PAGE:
On his way home to Singapore, HBO Asia’s CEO Jonathan Spink has stopped off at Hengdian World Studios, in the Zhejiang Province of China, where HBO Originals is shooting two Chinese TV movies, “Master of the Drunken Fist: Beggar So” and “Master of the Shadowless Kick: Wong Kei-Ying,” both based on stories about 18th-century martial artists.
“We are pursuing the local production route because it works,” says Spink.
The learning curve for HBO Originals in Asia has been huge from the time of its first TV movie, “Dead Mine,” four years ago. “We’ve stopped trying to be pan-Asian,” Spink says. The company is no longer seeking “universal” subjects for its films and won’t shoehorn stories to fit the demands of a co-financier. For instance, the first HBO Asia series, “Serangoon Road” in 2013, was co-produced with the Australian Broadcasting Corp. Set in Singapore and shot in English, it bombed.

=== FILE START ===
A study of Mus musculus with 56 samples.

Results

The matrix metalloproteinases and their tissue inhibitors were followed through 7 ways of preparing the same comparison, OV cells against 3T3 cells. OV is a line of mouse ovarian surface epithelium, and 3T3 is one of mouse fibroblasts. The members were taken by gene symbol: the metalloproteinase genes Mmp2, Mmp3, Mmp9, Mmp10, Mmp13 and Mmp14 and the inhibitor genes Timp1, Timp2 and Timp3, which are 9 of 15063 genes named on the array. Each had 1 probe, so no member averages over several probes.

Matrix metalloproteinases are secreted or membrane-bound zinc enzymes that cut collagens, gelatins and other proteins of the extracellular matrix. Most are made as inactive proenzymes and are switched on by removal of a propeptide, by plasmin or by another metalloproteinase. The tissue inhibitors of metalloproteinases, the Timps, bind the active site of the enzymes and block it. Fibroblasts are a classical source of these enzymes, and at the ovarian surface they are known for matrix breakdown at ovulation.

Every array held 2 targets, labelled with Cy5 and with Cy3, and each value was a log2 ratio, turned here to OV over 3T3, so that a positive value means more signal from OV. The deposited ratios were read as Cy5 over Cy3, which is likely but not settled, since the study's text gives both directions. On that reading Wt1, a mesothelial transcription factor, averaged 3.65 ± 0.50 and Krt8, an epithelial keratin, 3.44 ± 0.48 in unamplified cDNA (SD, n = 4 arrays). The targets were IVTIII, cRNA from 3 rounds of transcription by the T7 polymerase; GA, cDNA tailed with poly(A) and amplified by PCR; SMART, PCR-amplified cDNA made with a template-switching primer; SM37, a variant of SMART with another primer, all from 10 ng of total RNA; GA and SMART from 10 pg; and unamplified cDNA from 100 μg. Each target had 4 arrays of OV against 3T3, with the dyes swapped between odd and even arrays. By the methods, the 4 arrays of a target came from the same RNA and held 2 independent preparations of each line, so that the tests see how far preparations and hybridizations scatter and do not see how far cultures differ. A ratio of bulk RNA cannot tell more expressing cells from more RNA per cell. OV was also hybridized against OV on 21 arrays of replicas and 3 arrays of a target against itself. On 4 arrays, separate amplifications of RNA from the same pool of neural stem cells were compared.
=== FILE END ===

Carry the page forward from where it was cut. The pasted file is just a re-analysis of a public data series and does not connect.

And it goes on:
Now, Spinks says, “we are simply looking for things that can work.”
The Hengdian TV movies are co-produced and co-financed with the state-owned China Movie Channel. A movie-centric, specialty broadcaster, CMC is “very similar to us,” Spinks says. “And it’s easy to deal with the rights issues.” Avoiding the complications of a theatrical release for foreign productions, CMC will broadcast the pictures in China, while HBO transmits them across its Asian franchise. (There’s little doubt that HBO is also making a strategically and politically smart move by partnering with a Chinese government entity.)
“Shadowless Kick” director Guo Jian-yong makes no compromises. “Too many intellectual properties these days rely on big special effects,” he says. “What I want is to make performances as real as possible, which is why I’ve cast martial arts champions in the lead roles.” He says the genre can help a project cross borders. “These may be very Chinese stories, and deal with a very difficult period in Chinese history, notably the Opium Wars,” he notes. “But the martial arts can help make these appeal even to U.S. audiences. Martial arts is a language that, like music, dance, or sports, can have appeal anywhere.”
Even so, Spink admits that the group’s Asian output is unlikely to turn up on HBO’s domestic roster any time soon. However, he says, “HBO U.S. is getting more interested in what we are doing.”